5 Bad Cleansing Habits You Should Break ASAP


Not Choosing a Cleanser Based on Your Skin Type

“There’s such a wide range of cleansers and formulations in the cleanser category, and as dermatologists, we take the time to learn those so we can make thoughtful recommendations for our patients,” says Dr. Portela. “In the CeraVe survey, 70 percent of people don’t know their own skin type, so they’re not able to choose a cleanser that’s based on that skin type.”

According to the doctors, there are five common skin types: “Normal, which sounds the way it is—balanced, not very oily or acne-prone,” Dr. Henry explains. “Oily skin has more active sebaceous glands; dry skin can have a little bit of scaling and it can get uncomfortable and tight when you’re cleansing. Combination skin is a little bit dry and a little bit oily, and then there’s sensitive skin, and you’ll know if you have sensitive skin: those of us who turn red with everything or you have stinging when you use certain skin-care products. There are also a lot of things that can change your skin type, such as getting older or your environment. I always tell my patients that sometimes we have to adapt a little bit depending on our environment. Like if you work indoors and the air conditioning is leaching your skin, or you move from New York to Houston and the climate is different.”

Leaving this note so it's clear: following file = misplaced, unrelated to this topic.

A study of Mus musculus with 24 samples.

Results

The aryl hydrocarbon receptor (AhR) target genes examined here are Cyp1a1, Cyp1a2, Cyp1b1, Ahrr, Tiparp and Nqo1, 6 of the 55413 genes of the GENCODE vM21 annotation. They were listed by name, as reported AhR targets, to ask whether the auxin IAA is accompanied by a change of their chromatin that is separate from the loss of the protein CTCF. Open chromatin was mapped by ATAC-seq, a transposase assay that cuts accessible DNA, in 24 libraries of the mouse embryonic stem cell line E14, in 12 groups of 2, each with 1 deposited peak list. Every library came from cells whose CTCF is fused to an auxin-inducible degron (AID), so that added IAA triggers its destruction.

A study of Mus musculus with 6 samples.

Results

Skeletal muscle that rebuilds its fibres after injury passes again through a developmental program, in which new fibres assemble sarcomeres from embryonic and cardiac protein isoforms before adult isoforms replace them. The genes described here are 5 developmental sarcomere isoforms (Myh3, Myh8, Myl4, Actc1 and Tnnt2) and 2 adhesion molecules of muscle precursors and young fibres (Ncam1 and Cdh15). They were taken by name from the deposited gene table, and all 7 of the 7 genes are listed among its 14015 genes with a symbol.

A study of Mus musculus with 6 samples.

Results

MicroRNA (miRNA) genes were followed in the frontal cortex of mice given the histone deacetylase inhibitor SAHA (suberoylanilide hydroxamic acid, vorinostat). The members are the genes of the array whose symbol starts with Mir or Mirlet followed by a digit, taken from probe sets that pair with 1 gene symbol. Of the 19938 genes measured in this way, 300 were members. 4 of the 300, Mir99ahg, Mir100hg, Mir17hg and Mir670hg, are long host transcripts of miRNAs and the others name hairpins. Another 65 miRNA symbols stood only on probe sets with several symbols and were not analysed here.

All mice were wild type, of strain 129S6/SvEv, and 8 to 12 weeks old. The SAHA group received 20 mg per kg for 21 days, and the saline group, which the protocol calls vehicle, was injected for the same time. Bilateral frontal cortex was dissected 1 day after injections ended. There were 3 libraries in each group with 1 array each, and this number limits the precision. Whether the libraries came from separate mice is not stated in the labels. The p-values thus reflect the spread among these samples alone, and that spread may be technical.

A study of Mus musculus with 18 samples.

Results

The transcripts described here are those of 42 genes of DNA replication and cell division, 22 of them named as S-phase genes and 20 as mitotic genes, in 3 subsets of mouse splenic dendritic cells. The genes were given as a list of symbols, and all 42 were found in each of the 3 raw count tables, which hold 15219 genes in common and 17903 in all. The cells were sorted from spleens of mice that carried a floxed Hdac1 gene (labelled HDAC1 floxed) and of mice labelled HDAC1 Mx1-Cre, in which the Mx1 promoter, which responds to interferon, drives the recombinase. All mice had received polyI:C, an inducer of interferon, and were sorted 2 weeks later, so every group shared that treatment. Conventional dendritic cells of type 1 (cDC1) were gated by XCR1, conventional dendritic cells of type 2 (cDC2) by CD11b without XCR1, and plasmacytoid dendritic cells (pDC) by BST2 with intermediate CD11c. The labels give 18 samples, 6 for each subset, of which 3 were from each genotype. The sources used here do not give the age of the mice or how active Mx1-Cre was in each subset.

“Make sure you’re using something compatible for your skin and beneficial for you,” Dr. Henry adds. “Let’s say you have dry skin, you’ll want something that will give you that hydration—a creamy texture would work well. If you have oily skin, you’ll want to use something that will give you a really robust cleansing response to get rid of the oil, dirt and debris—I love a gel cleanser for a deep cleanse for this skin type. If you’re a heavy makeup-wearer, a foam cleanser is a good option, or a double-cleanse with a balm that will help melt away the makeup and then follow that with a traditional cleanser.”